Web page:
In taking up a year of director Spike Lee's time, Inside Man has an upside and a downside. On the one hand, Lee rehabilitates the Hollywood thriller with flavorful real-world intrusions, and on the other, the genre shortens Lee's leash a bit. Both responses are valid, but the result is the same: a good time at the movies that also happens to be the least interesting film on Lee's resume.
Lee's old pal Denzel Washington takes the lead as Detective Keith Frazier, a New York cop facing an internal investigation on an embezzlement rap. Despite his ambiguous standing, Frazier and his partner (Chiwetel Ejiofor) get handed a hot one: a hostage crisis at the Manhattan Trust Bank. There, Dalton Russell (Clive Owen) and his team of break-in artists execute an elaborate plan. First-time screenwriter Russell Gewirtz spins a clever everyone's-a-suspect mystery: is one of the hostages an inside man, woman, or child? And just what is Russell after?
Complicating matters for Frazier is Manhattan Trust's chairman of the board, Arthur Case (Christopher Plummer). A man with something to hide (in a secret safe-deposit box), Case hires power broker Madeline White (Jodie Foster) to move and shake her way into the middle of the crisis, the better to protect Case's secret. The material would be no more convincing than it sounds in the hands of a mediocre filmmaker, and not much better in the hands of a good one. But Spike Lee is a bona fide cinematic genius, and his lively and inventive take on tired material proves that thriller corn needn't be mindless in its machinations.
As he did in 25th Hour, Lee brings a catalog of post-9/11 New York archetypes to the party. An act of terror in a bustling bank bristles blacks, whites, Sikhs, Latinos, and Jews in equal measure. The cops on the scene (including Willem Dafoe) can hardly hold in their own prejudices, and Lee playfully frames the film with two versions of A.R. Rahman and Gulzar's hit Bollywood song "Chaiyya Chaiyya" (chalk up another marvelous score from Terence Blanchard, as well).
This is Lee's New York, from the Cyclone roller coaster to the marble and wood-panelled halls of Wall Street power to the cramped apartment of Frazier and his hot-to-trot wife. The fun is in the unrestrained narrative structure and the telling cultural details, like Lee's depiction of a wired populace hooked on cell phones, iPods, and video games (racist ones that celebrate crime, no less). It's a city where innocents wind up treated as criminals and the guilty pull strings to stay in power. The truth behind the topsy-turvy heist is hogwash, but happily capitalizes on a widespread desire to see the powerful sweat a little.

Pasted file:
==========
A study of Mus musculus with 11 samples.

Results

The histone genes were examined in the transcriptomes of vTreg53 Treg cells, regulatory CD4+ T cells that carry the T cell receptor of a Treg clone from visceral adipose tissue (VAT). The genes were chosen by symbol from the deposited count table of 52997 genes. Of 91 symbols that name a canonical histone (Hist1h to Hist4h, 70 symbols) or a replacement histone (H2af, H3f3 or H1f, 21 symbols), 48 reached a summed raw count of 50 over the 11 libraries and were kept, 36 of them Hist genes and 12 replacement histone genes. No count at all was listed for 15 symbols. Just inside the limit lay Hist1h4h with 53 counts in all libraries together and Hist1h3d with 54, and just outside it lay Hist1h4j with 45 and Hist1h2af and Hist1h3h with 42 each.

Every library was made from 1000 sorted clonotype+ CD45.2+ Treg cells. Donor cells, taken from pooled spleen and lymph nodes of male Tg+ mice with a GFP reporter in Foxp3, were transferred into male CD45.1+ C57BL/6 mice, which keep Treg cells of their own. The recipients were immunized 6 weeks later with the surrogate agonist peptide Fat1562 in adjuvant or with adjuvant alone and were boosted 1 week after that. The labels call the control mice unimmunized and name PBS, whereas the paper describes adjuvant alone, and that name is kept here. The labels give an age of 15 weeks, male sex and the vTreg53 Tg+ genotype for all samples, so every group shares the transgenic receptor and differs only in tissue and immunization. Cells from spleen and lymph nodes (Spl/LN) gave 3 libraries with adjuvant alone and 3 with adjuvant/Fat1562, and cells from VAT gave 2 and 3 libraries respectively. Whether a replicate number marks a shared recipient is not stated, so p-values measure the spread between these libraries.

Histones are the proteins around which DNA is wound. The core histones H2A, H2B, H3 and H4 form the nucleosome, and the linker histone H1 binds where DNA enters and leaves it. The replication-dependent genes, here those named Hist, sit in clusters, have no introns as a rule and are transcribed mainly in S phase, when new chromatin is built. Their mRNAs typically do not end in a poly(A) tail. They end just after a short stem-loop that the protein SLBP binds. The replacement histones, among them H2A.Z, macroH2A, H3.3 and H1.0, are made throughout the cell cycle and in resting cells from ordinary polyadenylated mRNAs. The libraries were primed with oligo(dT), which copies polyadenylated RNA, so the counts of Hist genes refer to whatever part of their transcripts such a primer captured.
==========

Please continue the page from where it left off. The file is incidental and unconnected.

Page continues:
Lee's having fun here, and who can blame him as he taps into '70s flair (the script name-drops Dog Day Afternoon and Serpico, among other films) while playing cops and robbers. If anyone can breathe life into the moribund hostage drama, Lee is the (inside) man.
Inside Man looks spectacular in its Blu-Ray debut. High-def agrees with Lee, who always uses visual storytelling to maximum effect. As usual, Universal delivers a near-flawless A/V presentation that crisply recreates the theatrical experience at its ideal level of sharpness and presentational competence. Deep blacks, eye-popping color, and considerable texture are the hallmarks of this detailed, inviting image, and the audio is similarly top-notch in its power, subtlety and attention to detail. Though clarity is job one, carried out brilliantly, the immersion of the surround effects is awesome.
[NOTE: The release date of the Blu-ray was pushed back one week to June 2, 2009 after an error was discovered in one of the DTS-HD channels. Reviewers received a verifiable corrected copy with a vibrant red background to the back cover. If the background of your BD is black, you may have somehow received one of the old, problematic discs that Universal has recalled. Kudos to Universal for its swift and efficient response!]
All previous bonus features have been ported over to the Blu-ray, beginning with a feature commentary with director Spike Lee. Always a fascinating commentator on his own films, Lee once more doesn't disappoint, covering all aspects of production and his thoughtfully prepared approach to capturing the film in his head.
Next up are five "Deleted Scenes" (19:38, SD).
"The Making of Inside Man" (10:20, SD) is a standard behind-the-scenes featurette, though it includes glimpses of the first cast read-through, a rehearsal, and the scoring session. Interviewees include Lee, producer Brian Grazer, Denzel Washington, Clive Owen, and Jodie Foster.
The best and most heart-warming feature is "Number Four" (10:08, SD), an all-too-short chat between Lee and Washington. In friendly, bantering fashion, they discuss their four collaborations to date (soon to be five with an Inside Man sequel). Anecdotes spill out happily, and the two discuss their directing careers as well as Washington's acting and specifics of the four films they have in common.
Lastly, Universal includes its signature My Scenes feature and BD-Live access. Run, don't walk to add this disc to your Blu-ray collection.